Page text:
Years of delays for the victims of asbestos in Libby, Montana, have culminated in the final trial date set to begin on February 23, 2009.
Lawyers were to give their opening statements on the 23rd of February, 2009, in the criminal trial against W.R. Grace and Co. and five of its executives, a case that had been subject to dozens of setbacks and complexities.
A gag order was placed upon those participating in the trial by U.S. District Judge Donald Molloy, but the trial briefs already filed have given the public an eye to the issues surrounding the trial.
The prosecutors’ trial brief stated, “The defendants in this case knew the dangers of asbestos they released into the Libby, Montana air, yet they concealed the dangers, putting local residents at risk while enriching themselves.”
The defense put forth by Grace in their trial brief was, “The government has illogically charged that the defendants conspired in 1976 to violate a statute that would not exist for another 14 years.”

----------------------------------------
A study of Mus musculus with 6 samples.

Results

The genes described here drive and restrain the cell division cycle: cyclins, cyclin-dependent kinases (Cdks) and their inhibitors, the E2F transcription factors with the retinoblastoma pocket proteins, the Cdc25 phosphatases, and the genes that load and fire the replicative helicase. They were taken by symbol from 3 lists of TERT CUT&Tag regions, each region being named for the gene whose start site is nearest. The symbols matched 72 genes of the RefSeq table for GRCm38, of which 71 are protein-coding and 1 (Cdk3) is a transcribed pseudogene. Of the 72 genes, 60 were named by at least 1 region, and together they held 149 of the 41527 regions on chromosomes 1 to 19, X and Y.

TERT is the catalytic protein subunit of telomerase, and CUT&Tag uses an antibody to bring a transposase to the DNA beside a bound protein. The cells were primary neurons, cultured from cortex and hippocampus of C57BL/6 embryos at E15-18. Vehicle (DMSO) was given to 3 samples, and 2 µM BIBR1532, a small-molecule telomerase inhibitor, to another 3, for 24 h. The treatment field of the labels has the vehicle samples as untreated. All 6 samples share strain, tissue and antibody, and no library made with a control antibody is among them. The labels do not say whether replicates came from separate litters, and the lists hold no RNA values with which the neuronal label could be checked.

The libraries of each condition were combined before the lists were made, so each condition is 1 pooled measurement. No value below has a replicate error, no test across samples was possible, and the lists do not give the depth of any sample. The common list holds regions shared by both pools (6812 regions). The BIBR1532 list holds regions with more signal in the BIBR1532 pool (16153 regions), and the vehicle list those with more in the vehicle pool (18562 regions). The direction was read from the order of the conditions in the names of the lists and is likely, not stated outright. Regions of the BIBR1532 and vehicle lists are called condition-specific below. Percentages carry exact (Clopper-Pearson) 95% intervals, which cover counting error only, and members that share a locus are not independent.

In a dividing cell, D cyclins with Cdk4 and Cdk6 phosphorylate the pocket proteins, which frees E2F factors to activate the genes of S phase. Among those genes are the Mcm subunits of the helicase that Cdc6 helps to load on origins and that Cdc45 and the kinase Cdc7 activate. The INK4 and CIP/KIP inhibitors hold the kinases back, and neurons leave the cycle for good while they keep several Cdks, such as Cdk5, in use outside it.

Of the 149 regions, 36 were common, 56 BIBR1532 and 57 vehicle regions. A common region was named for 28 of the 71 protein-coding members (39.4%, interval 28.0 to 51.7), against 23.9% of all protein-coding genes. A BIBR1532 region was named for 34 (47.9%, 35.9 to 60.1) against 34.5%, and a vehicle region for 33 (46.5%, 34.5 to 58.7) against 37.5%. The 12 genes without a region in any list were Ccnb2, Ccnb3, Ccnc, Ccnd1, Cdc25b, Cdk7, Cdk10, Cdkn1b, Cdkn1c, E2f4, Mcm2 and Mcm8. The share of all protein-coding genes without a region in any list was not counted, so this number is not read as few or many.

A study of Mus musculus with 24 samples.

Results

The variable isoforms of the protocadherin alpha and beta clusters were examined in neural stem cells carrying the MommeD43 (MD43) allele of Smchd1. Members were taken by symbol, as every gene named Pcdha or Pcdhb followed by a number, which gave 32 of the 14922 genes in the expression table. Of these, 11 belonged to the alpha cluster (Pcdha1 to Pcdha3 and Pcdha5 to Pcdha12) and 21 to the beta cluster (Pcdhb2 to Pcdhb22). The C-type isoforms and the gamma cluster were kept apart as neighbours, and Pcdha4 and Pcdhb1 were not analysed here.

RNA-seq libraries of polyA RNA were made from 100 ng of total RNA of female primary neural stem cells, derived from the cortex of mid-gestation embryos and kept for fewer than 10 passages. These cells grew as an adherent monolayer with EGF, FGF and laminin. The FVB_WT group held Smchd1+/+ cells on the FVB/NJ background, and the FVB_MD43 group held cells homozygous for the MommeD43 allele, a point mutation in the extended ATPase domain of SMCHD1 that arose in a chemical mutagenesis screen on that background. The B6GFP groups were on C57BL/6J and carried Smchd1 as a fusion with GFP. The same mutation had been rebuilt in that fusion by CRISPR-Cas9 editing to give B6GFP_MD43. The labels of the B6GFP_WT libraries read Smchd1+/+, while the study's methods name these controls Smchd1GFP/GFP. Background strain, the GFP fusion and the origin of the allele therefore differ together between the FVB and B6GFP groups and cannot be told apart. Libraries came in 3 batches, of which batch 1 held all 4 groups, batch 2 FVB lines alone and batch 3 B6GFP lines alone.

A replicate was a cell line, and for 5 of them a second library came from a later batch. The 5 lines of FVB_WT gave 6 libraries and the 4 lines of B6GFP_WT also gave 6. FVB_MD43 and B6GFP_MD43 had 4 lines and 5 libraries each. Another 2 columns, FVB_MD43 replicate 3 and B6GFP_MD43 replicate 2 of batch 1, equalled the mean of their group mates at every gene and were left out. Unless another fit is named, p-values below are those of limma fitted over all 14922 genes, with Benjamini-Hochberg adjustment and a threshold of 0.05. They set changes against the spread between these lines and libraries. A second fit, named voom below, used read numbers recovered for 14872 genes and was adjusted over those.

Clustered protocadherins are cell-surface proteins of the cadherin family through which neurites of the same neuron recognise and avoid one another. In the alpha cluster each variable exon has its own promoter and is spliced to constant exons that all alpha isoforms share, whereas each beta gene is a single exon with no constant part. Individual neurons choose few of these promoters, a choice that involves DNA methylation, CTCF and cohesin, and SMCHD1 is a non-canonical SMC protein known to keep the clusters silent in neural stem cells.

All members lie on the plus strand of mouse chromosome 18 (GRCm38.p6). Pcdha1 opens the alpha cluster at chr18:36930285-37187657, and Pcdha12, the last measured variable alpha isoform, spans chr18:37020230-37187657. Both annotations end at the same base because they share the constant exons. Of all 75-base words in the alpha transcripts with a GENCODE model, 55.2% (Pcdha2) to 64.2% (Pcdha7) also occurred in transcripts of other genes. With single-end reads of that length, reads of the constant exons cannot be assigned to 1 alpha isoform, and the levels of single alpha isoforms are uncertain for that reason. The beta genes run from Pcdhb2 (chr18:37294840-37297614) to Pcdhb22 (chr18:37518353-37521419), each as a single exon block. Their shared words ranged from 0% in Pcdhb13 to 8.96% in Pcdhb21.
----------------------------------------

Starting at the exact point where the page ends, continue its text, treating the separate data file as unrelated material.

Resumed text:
The outcome of the criminal trial was to determine the guilt of Grace in its knowledge that its vermiculite mine was responsible for causing asbestos-related diseases in over 2,000 people living in and around the town of Libby, Montana, a town of 2,600. Besides those sickened, another 225 have perished from being poisoned by the vermiculite asbestos from the W.R. Grace mine.
The five retired executives from Grace who were also on trial were Henry A. Eschenbach, Jack W. Wolter, William J. McCaig, Robert J. Bettacchi and Robert C. Walsh. Each of these men faced a potential to serve up to 15 years in prison in addition to fines totaling in the millions of dollars.
Initially, the trial began in February 2005 when Grace was indicted by federal prosecutors for violating the Clean Air Act and getting in the way of the EPA investigation of the Grace-owned mine. The district court judge, Judge Donald Molloy, refused to allow some evidence to be heard, which created large holes in the case put forth by the government. Federal lawyers appealed, and the 9th Circuit Court of Appeals overruled Molloy’s decision. Grace appealed this, and the case went to the Supreme Court, where it was returned to Judge Molloy, and a new criminal trial date was set for February 23, 2009.